Prevalence of nonmedical use of prescription-type opioids, methylphenidate, and sedative-hypnotics among university students in the south of Iran: a regression analysis

Electron Physician. 2018 Jun 25;10(6):6981-6987. doi: 10.19082/6981. eCollection 2018 Jun.


Background and aim: Nonmedical use of prescription drugs needs particular attention. The aim of this study was to determine the prevalence of prescription-type opioids, methylphenidate and sedative-hypnotics use, and related factors in university students.

Methods: In this cross-sectional study, 524 students of Hormozgan University of Medical Sciences were selected by multi-stage sampling in 2016. A self-report questionnaire had been used examining substance use, religious beliefs and parental support. The questions about substance use were prepared based on the World Health Organization Alcohol, Smoking and Substance Involvement Screening Test (WHO ASSIST). Religious beliefs were measured by Kendler's general religiosity questionnaire. Parental support was measured by the Persian version of Aneshensel and Sucoff's scale. All of the analysis was performed using Chi-square test, Fisher exact test, independent-samples t-test and binary logistic regression in SPSS 16 software. The level of significance was 0.05.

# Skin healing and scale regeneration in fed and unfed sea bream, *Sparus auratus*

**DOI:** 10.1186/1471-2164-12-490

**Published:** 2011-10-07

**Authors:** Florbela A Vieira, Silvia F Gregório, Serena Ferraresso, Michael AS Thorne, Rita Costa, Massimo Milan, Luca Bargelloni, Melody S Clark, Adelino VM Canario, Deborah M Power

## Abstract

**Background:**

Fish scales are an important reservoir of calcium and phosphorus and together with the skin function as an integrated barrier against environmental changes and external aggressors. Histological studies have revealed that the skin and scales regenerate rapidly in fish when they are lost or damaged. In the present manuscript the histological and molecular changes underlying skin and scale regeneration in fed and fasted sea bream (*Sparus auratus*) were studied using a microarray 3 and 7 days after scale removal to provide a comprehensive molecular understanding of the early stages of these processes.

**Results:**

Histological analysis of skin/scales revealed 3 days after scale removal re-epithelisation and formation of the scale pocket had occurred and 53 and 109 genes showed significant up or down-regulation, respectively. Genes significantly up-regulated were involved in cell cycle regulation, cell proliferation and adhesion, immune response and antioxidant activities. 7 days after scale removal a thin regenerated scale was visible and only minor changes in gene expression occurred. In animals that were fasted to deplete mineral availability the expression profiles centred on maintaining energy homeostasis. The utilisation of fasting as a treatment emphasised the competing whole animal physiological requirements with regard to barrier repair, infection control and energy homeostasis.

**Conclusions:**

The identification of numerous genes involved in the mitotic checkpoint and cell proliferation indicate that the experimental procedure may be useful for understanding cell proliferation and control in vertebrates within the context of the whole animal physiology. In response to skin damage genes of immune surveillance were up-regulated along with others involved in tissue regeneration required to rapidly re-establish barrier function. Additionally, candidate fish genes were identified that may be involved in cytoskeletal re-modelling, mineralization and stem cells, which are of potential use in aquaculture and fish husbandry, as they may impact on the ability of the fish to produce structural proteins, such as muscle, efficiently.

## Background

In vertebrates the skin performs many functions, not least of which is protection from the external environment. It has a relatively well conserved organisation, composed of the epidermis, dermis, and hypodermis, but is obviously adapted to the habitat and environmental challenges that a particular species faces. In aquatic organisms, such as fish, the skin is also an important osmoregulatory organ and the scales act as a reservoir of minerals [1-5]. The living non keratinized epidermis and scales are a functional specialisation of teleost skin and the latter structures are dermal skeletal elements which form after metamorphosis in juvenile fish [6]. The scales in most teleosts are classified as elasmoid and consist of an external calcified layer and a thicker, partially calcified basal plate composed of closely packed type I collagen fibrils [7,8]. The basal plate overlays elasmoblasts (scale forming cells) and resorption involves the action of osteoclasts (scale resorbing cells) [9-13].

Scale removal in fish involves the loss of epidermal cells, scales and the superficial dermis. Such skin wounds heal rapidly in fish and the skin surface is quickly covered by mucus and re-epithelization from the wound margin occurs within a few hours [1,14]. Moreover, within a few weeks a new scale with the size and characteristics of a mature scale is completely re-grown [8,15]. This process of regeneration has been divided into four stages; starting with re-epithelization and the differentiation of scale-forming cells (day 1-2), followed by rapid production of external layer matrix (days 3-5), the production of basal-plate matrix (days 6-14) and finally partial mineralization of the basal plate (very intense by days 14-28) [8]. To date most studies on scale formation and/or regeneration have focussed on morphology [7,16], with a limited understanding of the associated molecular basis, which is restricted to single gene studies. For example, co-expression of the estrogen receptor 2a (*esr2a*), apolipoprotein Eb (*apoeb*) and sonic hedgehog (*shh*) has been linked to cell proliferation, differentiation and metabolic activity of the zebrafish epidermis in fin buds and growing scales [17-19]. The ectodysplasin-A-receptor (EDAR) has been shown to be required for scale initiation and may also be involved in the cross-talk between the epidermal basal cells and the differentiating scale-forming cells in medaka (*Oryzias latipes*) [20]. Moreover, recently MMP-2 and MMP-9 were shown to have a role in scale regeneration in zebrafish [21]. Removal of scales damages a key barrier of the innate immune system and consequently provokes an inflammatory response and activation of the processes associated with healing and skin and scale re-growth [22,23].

Results: The last year prevalence of prescription-type opioids, methylphenidate and sedative-hypnotics use was 16.1%, 3.3%, and 10.3%, respectively. The final model of logistic regression indicated hookah use (OR=2.5), methylphenidate use (OR=4.5), sedative-hypnotics use (OR=2.7), and were associated with students' prescription-type opioids use. The protective factor was familial support (OR=0.97) for prescription-type opioids use. Moreover, sedative-hypnotics use (OR=5.7) and illicit drug use (OR=27.6) were associated with methylphenidate use among students.

Conclusions: The results of this study showed that the prevalence of nonmedical use of prescription drugs is considerably high among students and is in need of interventions to reduce the prevalence of these drugs in universities.

Keywords: Familial support; Non-medical use; Prescription drugs; Religiosity; University students.